The Consumer Financial Protection Bureau (CFPB) has been in the spotlight lately, with courts and congressional Republicans zeroing in on the agency's unconstitutional structure that leaves its head—currently Richard Cordray a likely future Democratic candidate for Ohio governor—in possession of vast powers, accountable to no one. Sen. Ben Sasse has dubbed Cordray "King Richard," and President Donald Trump has been threatening to fire him.
It's just the latest scandal for the CFPB, which a few years back got itself in hot water for collecting reams of consumer data, undercutting privacy rights while putting lots of potentially sensitive personal information at risk in the event of a hack, and has been in the firing line nearly continuously since its inception for spending lots of taxpayer cash on everything from high salaries to luxurious overhauls of its headquarters.
Now the CFPB may be headed back into big doo-doo, thanks to a rule it is pursuing that would allow it to share communication between an entity it regulates and that entity's lawyer with a slew of other government regulators—potentially even with foreign governments.
The rule would also relieve the CFPB from any requirement that it inform an entity it regulates that it's sharing such information with Congress, and bar entities it regulates from sharing any correspondence related to CFPB enforcement without the agency giving a proverbial thumbs up. It's obviously a big boon to a big government regulator, written by and for big government regulators. Unsurprisingly, it's also being decried as a straight-up erosion of attorney-client privilege, and something that jeopardizes a core, constitutionally protected civil liberty.
In comments on the proposed rule, the American Bar Association—an entity that more often than not seems to side on policy with Democrats like the ones who authored Dodd-Frank and act as protectors of the CFPB—writes that, "each such disclosure of privileged information by the CFPB to a non-federal agency or Congress could endanger the privileged status of the information." In other words, every time the CFPB discloses privileged information, they're making sure that legally, it's no longer confidential. Or, you have the right to a lawyer, but what you and your lawyer say to each other is not really private and can totally be used against you.
This is so because under federal case law, if privileged communication is shared with any third party, even a federal agency, its confidentiality evaporates; the only instances in which this is not so are when it's shared with a relatively narrow set of third parties, explicitly listed in actual legislation. The ABA argues that CFPB's attempted erosion of attorney-client privilege matters because preservation of it underpins "fundamental rights to effective counsel." So, in this rule, we have another example of itty-bitty, little-discussed, not-very-interesting regulation that, if put on the books, will put more civil liberties on the chopping block—in this case, one protected by the Sixth Amendment.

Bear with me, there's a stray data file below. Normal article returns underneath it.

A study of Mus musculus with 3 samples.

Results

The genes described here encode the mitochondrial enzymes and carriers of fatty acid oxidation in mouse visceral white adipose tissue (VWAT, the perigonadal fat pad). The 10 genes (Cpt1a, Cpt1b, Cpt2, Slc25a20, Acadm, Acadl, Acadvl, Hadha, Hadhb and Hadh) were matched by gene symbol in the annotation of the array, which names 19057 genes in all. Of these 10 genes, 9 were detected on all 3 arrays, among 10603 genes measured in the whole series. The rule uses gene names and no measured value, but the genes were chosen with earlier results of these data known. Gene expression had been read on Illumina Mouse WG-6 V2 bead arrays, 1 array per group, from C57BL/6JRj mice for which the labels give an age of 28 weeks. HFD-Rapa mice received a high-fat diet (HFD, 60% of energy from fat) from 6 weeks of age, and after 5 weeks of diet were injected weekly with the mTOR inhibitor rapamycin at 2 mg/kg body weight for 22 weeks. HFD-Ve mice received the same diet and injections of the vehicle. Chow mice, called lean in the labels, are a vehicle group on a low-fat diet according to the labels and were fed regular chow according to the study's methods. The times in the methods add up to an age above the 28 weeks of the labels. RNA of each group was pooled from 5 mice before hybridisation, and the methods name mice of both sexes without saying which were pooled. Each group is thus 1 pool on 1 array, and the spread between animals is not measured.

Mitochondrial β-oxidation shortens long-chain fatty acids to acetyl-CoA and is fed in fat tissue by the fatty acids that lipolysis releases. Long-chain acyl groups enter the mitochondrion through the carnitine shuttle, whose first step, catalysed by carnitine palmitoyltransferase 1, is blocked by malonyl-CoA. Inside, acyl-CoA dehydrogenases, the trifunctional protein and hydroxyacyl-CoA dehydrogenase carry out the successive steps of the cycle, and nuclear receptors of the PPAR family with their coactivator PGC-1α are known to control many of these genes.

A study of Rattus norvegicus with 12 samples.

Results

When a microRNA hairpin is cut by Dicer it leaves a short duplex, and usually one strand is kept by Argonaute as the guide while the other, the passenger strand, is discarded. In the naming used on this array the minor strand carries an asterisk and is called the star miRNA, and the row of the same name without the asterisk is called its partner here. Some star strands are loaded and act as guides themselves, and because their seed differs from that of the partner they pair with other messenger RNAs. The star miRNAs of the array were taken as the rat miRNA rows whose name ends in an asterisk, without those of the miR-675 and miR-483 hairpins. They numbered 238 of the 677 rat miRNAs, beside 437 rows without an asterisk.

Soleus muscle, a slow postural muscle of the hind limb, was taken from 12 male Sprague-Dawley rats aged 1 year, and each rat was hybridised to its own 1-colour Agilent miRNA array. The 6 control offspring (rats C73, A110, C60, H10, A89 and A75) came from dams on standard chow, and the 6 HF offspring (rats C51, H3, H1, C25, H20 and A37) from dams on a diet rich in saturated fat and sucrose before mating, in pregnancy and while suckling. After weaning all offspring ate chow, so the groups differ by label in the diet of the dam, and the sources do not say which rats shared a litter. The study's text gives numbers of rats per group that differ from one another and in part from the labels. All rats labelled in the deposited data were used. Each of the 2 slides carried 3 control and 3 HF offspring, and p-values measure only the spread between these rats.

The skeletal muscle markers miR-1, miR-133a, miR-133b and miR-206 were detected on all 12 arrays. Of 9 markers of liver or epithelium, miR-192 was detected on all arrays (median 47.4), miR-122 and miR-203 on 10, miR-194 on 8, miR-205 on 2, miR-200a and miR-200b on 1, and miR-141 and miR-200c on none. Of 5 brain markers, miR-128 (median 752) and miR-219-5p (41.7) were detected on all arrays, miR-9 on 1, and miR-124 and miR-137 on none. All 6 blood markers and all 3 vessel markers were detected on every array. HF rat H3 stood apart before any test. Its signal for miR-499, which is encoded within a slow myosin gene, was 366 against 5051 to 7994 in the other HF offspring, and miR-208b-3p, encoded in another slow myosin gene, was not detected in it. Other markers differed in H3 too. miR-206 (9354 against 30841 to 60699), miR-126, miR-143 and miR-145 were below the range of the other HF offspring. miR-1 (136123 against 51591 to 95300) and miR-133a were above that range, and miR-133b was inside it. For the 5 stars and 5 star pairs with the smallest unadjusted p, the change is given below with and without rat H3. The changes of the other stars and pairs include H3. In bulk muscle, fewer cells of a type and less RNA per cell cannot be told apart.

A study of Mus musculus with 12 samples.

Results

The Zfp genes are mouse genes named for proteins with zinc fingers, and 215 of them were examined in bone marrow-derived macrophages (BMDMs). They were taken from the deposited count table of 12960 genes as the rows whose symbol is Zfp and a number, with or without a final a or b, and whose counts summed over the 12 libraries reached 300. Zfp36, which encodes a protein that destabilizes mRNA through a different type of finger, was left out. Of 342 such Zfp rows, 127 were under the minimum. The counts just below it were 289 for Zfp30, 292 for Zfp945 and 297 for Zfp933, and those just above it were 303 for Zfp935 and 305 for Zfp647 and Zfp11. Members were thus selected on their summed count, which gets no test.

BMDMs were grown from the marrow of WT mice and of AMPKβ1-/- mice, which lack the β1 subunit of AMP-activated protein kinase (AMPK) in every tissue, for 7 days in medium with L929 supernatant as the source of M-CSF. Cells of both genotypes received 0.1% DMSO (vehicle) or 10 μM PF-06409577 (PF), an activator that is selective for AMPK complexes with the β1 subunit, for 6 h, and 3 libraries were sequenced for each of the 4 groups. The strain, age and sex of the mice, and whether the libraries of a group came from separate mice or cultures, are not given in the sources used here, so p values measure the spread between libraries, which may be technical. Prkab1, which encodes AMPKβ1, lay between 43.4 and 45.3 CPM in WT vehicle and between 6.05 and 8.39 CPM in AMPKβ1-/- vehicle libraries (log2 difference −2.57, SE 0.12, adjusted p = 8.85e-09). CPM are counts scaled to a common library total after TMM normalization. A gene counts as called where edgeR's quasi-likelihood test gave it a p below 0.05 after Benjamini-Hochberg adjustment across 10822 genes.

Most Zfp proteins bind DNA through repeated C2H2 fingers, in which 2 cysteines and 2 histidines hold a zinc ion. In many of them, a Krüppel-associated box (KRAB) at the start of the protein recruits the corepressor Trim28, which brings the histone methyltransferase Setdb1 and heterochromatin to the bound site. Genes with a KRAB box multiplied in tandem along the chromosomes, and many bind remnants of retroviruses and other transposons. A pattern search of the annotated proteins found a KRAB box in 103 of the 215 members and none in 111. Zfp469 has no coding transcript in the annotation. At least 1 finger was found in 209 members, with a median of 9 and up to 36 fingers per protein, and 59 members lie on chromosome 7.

Clearly, the civil liberties immediately at risk here are those of financial service providers themselves—not you or me (unless, say, you own an entity the CFPB regulates or is trying to regulate). The problem, though—as ever—is when you start eroding a right for one arguably undesirable person, you tend to end up eroding it for all people. Once you set a legal precedent, it has a tendency to stick around, and be invoked in instances in which the people who conjured it up in the first place never predicted. Don't believe that? Just ask President Obama, whose expansion of executive authority is now being used to undo his signature health-care law.
For this reason, the ABA is asking the CFPB to rewrite its rule and narrow it. House Republicans, meanwhile, are objecting to pursuit of the rule full-stop, demanding in a letter that CFPB Director Cordray "provide the Committee with the statutory authority on which the Bureau relies… and please further indicate what legal safeguards exist to prevent the Bureau from abusing the power it proposes to grant itself in this proposal."
That information would, of course, be useful to have, but is hardly the point. Even if the CFPB had the authority to do this under Dodd-Frank, and even if it had some guidelines in place to prevent its use of the rule from getting out of hand, curtailing attorney-client privilege is a bad idea, and one that has implications in a slew of other areas not pertaining to nasty banker types.
Democrats, especially Sen. Elizabeth Warren— who thought up the CFPB— continue to go to the mat defending the agency, but it's becoming increasingly apparent that for as much as the CFPB has a certain populist appeal and likes to position itself as consistently sticking up for the little guy against big, gross Wall Street institutions, it may not be fully thinking through the effects of its actions, or their implications for maintaining a system of strong civil liberties protected by the Constitution. Worse, the CFPB may just take the view that civil liberties are unimportant things that can and should be dispensed with so that progressive goals of targeting the financial services sector can be met. Either way, this kind of small-ball, unsexy regulation is exactly the kind of thing that should be watched by liberty lovers for its precedent value alone, and something that demonstrates why scrutiny of supposedly well-intentioned government regulators remains important.
Liz Mair is a libertarian Republican political consultant. As the founder, president and owner of Mair Strategies LLC, she advises clients on an array of technology, tax, health care, and financial services policy matters.